PAT Test

Most companies and organizations now have some form of PAT testing program in place, and PAT stickers, along with a test schedule log book or spreadsheet, are a convenient way to keep track of your program.  To order PAT labels online, visit the Label Bar website, where you’ll find ‘Passed’ and ‘Failed’ PAT testing stickers, labels for RF emissions checks and appliance ID tags, plus just about any other kind of label, tag or sticker you could imagine needing in the workplace or elsewhere.

For those new to the concept, ‘PAT’ stands for ‘Portable Appliance Test(ing)’ and is the process of ensuring any electrical device used in a work situation is not likely to pose a health and safety risk to the operator and others in the environment.  PAT testing stickers are used to record the date of the test, and most companies check all their resources once per year.  While such a program cannot guarantee that no device in the workplace will ever fail, PAT test labels can reassure staff that reasonable steps have been taken to protect them from faulty equipment.  Next time you are in your office, check your computer or photocopier for a PAT testing sticker.  If you can’t see one, or it has been several years since the appliance was tested, why not speak to your office manager or supervisor about how you can help the company keep up-to-date with its health and safety responsibilities.  (It is worth noting that while every company has the legal responsibility to protect its employees by maintaining equipment, PAT testing is not the only way to fulfil this obligation, and the absence of a PAT test sticker does not automatically mean the device is unsafe or that the company has been remiss).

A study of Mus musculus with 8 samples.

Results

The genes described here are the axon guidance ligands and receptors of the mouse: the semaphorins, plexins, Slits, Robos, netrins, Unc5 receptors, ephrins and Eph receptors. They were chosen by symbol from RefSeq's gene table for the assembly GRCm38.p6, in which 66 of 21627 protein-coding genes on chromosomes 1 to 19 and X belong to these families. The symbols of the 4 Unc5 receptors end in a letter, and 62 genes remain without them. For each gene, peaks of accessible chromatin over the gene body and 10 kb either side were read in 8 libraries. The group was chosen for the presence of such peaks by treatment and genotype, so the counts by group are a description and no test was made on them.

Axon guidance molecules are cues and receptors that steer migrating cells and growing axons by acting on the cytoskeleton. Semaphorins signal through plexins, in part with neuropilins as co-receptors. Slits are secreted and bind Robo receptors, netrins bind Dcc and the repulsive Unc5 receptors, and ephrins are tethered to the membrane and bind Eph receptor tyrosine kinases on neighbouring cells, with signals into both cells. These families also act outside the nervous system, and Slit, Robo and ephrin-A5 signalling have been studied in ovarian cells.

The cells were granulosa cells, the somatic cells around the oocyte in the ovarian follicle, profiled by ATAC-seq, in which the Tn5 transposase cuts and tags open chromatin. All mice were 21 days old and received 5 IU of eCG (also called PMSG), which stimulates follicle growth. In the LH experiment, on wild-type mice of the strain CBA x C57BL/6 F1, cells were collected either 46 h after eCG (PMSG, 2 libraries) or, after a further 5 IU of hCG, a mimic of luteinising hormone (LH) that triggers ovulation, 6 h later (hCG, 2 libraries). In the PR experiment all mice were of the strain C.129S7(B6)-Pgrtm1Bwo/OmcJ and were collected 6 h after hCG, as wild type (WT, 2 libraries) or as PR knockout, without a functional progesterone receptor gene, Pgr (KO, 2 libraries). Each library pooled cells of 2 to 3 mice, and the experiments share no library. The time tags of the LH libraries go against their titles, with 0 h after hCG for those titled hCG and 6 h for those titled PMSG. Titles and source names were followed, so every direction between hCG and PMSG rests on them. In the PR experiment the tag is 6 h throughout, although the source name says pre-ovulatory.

If your company employs an electrician or other qualified person to perform PAT inspections, that person will usually bring their own supply of PAT labels with them.  On the other hand, if your PAT testing is performed in-house, at least two rolls of PAT test stickers should be kept to hand, to be affixed to devices which have ‘Passed’ or ‘Failed’ the inspection, as appropriate.

A PAT test usually begins with a visual inspection.  One of the most common reasons electrical devices break down or become dangerous is if they have been dropped, bumped, or otherwise physically damaged.  A quick visual check can often identify evidence of such an incident.  Particular attention should be paid to power leads or flexes, which are susceptible to damage due to trapping.  Cuts in the outer insulation of the flex, or visible inner wires, are enough to earn the item a ‘Failed’ PAT test sticker.  If the product looks to be in safe condition, it can then be tested mechanically and electrically.  A green PAT test label is only awarded to units which pass all these tests.  Both these kinds of PAT testing labels, along with all manner of other stickers and tags, are available from Label Bar.